The stuff that keeps fish from becoming frozen filets as they swim around frigid waters may be the stuff that keeps cancer from spreading in humans. University of Maryland School of Medicine researchers found a protein derived from polar fish that may be the key to inhibiting prostate, and possibly other cancers, from spreading, according to preclinical research published online in the Proceedings of the National Academy of Sciences.
"The use of natural dietary products with anti-tumor activity is an important and emerging field of research," says senior author Hafiz Ahmed, Ph.D, assistant professor of biochemistry and molecular biology at the University of Maryland School of Medicine and scientist at the Institute for Marine and Environmental Technology (IMET) in a release. "Understanding how these products work could allow us to develop foods that also act as cancer therapeutics and agents for immunotherapy."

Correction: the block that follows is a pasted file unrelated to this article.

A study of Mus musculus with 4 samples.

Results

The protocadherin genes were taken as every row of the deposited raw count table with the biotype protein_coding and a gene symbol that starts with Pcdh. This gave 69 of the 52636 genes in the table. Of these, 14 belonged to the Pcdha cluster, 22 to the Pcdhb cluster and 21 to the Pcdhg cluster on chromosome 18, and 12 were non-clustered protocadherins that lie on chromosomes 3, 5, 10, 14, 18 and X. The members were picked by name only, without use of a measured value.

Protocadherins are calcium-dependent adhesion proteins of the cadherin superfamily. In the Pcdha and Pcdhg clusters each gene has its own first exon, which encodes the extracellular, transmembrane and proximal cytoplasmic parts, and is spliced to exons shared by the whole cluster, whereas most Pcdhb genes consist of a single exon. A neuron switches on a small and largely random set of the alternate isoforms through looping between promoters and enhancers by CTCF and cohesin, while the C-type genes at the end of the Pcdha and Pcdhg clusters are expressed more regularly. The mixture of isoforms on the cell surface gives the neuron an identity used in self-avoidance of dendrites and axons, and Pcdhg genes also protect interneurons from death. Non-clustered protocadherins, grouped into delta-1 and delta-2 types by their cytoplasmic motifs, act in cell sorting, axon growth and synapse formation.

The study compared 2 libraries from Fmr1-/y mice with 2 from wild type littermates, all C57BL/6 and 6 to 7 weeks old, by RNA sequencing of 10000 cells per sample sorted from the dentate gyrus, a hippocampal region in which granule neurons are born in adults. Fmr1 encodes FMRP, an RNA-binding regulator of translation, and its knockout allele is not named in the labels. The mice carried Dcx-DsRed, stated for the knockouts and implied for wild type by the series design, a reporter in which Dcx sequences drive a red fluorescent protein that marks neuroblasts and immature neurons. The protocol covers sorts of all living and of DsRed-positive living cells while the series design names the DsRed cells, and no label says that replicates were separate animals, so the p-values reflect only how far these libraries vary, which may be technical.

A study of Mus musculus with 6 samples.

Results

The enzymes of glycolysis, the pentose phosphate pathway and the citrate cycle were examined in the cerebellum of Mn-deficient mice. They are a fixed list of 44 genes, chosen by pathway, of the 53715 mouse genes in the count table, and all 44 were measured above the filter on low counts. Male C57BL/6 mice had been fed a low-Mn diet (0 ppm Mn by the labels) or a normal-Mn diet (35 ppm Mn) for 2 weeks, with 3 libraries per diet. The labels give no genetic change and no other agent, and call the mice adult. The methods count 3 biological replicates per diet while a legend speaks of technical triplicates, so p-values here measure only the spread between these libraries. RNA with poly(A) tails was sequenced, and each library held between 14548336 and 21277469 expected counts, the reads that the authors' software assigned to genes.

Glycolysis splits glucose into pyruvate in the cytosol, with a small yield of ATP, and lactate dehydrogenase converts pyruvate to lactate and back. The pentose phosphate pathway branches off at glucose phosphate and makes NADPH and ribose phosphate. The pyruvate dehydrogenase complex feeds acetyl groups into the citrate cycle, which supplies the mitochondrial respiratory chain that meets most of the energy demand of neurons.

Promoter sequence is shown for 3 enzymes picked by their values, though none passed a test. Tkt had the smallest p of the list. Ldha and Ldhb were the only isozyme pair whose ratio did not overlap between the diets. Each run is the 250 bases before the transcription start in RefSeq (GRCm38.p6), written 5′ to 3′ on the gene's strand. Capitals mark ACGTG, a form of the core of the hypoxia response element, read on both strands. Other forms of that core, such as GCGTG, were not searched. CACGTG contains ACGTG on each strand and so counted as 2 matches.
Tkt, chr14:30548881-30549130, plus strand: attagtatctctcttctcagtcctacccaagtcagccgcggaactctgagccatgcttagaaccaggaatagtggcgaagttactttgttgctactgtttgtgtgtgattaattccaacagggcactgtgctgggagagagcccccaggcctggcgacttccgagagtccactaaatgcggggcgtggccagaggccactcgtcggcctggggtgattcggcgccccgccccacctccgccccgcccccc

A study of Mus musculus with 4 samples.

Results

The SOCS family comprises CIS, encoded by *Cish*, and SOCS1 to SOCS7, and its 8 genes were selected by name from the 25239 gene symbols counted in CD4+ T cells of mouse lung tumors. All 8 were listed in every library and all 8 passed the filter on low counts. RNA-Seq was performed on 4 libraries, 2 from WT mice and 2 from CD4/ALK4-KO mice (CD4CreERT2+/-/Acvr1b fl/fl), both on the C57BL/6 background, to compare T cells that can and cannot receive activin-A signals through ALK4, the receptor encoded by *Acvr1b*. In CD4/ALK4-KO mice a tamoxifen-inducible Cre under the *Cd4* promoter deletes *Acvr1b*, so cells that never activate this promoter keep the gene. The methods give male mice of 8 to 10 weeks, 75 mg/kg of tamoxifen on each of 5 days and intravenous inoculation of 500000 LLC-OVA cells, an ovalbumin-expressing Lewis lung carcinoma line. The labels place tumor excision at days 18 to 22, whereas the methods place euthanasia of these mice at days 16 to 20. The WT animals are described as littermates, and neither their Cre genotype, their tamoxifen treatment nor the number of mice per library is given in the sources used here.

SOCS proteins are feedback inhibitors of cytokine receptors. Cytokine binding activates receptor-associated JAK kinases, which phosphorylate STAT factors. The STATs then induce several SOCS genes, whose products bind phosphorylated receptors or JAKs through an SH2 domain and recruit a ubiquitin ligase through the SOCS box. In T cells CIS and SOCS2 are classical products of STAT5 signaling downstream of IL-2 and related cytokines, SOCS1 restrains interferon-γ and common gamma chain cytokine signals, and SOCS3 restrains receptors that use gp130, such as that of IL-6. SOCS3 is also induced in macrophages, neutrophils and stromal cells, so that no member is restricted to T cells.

"This research breaks new ground in our ongoing quest to discover new ways to prevent cancers from metastasizing to distant parts of the body," says E. Albert Reece, M.D., Ph.D., M.B.A., vice president for medical affairs at the University of Maryland and the John Z. and Akiko K. Bowers distinguished professor and dean of the University of Maryland School of Medicine. "If we could one day offer patients a natural dietary supplement, derived from fish proteins, which could help to block that process, we could have a significant impact on improving patients' outcomes and survival."
Interestingly, the cancer-squashing potential of polar fish comes to light just as McDonald's introduces Fish McBites. The nugget-sized versions of the Filet-o-Fish are made from Alaskan pollack, another polar fish.